How not to teach programming

Through the wonders of DZone I came across a blog post called Don't teach like you code. The target audience seems to be professional coders who are teaching beginners. It’s always interesting to read articles like this and part of that is to understand the perceptions that people have about teaching when they are not full-time teachers themselves. And this article does make some good points about how not to teach. Unfortunately the examples of how people, one presumes the author included, actually code are not what I want new programmers to learn. In fact this post was quite unsettling to me as someone who made his living writing code for 14-15 years and who still writes some when necessary.

The article has a line that reads “”But, good coding isn't like teaching at all. It promotes habits that are entirely counterproductive to the art of teaching.” Really? I’m skeptical. He goes on to say “”Part way through writing a method, you might decide you need to track things in an array. After a few minutes, you'll decide a hashtable works better.” Oh please in the name of all that is good in the world don’t let that be common among professional developers. Yes, that happens sometimes but it should be awfully rare. You should have thought things through in some detail before you started coding. If you are making big data structures in the middle of coding you clearly (in my opinion at least) were not ready to start coding at all.
On the other hand in teaching I would expect this to be more common. Specifically the lecture that worked well with one audience may not work as well with another. A good teacher sees this, adapts and tries to explain things a little differently.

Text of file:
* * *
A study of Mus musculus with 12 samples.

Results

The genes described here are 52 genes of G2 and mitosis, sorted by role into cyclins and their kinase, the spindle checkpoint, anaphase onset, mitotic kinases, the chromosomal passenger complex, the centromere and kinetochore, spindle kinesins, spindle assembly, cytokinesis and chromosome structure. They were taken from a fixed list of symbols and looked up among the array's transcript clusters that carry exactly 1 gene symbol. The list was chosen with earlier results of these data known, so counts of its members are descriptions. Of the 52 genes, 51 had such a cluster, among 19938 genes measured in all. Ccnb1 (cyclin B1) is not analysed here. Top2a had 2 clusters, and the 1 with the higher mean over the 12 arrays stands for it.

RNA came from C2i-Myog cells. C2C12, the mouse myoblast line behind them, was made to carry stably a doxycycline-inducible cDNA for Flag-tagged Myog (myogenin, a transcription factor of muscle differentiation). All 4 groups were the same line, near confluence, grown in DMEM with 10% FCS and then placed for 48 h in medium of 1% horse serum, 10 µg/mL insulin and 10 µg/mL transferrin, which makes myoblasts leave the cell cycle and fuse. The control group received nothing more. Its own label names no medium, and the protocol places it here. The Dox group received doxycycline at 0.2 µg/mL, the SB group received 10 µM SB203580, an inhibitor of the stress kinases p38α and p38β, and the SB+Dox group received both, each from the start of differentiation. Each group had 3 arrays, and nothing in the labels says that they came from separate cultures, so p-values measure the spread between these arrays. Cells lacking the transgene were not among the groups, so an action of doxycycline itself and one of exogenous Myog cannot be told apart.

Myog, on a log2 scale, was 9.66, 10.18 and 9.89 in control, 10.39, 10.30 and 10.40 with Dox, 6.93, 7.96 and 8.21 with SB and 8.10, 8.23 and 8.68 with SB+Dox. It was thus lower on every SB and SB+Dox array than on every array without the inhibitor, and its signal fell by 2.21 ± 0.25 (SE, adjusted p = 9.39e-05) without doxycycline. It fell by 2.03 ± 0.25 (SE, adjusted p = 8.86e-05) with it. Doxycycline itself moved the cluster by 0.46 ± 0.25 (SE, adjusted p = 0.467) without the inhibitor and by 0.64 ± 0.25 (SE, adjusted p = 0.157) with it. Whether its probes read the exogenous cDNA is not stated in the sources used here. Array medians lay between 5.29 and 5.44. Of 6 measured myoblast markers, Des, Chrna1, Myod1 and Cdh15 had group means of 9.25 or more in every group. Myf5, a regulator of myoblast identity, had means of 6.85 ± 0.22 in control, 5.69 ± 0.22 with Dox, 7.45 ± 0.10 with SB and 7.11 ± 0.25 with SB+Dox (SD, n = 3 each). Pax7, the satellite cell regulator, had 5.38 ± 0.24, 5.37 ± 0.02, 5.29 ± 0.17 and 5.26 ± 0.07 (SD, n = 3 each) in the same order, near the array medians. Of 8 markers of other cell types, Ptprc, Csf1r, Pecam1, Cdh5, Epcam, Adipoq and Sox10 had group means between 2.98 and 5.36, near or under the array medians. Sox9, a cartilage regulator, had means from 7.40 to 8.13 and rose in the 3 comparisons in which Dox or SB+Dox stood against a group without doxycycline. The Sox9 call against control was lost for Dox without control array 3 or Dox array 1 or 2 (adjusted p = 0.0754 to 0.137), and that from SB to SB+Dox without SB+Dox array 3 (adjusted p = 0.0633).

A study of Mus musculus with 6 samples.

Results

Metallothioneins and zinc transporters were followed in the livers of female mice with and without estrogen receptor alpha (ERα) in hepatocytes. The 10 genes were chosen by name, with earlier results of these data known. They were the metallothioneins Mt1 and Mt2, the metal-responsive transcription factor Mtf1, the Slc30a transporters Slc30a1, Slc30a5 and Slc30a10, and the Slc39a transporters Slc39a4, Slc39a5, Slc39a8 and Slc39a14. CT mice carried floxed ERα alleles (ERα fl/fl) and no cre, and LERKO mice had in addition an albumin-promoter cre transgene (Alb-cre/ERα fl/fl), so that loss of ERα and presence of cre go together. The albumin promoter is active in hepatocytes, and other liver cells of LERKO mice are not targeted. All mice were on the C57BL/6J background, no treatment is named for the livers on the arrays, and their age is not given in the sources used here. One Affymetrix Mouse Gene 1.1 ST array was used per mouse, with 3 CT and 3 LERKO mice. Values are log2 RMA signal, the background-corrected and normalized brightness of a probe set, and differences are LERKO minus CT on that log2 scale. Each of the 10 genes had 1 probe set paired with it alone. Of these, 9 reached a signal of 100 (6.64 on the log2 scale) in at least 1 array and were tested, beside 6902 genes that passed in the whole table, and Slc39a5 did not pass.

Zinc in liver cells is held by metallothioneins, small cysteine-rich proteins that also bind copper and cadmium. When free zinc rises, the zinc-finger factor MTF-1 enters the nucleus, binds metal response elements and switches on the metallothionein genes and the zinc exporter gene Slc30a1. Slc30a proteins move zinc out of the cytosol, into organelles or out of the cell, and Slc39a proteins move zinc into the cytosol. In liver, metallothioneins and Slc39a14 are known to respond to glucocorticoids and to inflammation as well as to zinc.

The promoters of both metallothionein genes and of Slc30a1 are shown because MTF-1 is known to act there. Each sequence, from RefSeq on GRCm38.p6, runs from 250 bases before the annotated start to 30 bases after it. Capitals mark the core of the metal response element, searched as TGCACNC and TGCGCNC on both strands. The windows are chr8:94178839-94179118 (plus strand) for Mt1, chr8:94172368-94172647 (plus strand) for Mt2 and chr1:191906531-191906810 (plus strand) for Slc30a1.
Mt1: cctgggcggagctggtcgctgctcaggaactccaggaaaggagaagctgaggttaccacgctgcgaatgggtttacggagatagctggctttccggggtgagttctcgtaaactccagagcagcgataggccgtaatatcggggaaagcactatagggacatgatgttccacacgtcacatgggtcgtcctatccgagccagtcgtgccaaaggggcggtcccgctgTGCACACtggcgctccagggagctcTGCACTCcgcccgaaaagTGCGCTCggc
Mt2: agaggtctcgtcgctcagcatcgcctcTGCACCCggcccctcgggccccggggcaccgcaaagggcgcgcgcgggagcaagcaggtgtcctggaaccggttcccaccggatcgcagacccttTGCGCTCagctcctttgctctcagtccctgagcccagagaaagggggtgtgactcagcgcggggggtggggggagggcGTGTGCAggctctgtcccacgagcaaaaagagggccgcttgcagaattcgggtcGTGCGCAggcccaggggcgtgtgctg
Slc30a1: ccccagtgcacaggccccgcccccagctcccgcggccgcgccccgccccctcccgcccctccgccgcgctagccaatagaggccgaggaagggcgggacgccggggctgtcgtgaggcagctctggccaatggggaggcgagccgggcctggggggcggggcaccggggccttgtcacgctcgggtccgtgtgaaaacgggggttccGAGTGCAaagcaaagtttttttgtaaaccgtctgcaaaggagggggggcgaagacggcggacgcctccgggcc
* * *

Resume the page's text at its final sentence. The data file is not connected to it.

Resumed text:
And then there is this gem “Second, coding lets you cheat on the details. We compile our code not because we think we're done, but because we want to find out what we may have missed. ” No! If you run the compiler and get errors and warnings you should be surprised. Or at very least disappointed. Now maybe the author is using crummy tools. I am spoiled by Visual Studio which notices a lot of syntax and other errors as you are typing. And IntelliSense goes a long long way toward helping avoid spelling errors. This makes it easier to avoid missing things. But don’t people read though and self-edit before compiling any more? Some days I think we were all better off when programmers had only one or two chances to compile their code a day. Coding is about details. Cheating on details is a path to destruction.

The last line of the article is priceless. “How do you teach people well? It starts by knowing that what may make you a great programmer will not make you a great teacher.”  Probably true. But you also have to understand what makes a great programmer. I think a lot of programmers have a much higher opinion of their coding ability than is warranted. I never saw myself as a great programmer BTW. In fact I know what a great programmer is and how they work. I’m pretty sure I don’t have it. But I know enough about it to teach it. Like a great football coach who has never thrown a touchdown pass or gotten a sack or kicked a field goal but who can help others do all those things better a good teacher is someone who helps others learn from the mistakes of others.

A great programmer may not make a good teacher because they may not understand how they do what they do in a way that they can translate for a beginner. But someone who speaks the language of software and can translate the concepts and ideas for beginners may make for a great teacher even if only an average (or even fair) programmer themselves. We still have to focus on what makes for a great programmer not what makes a lazy programmer though.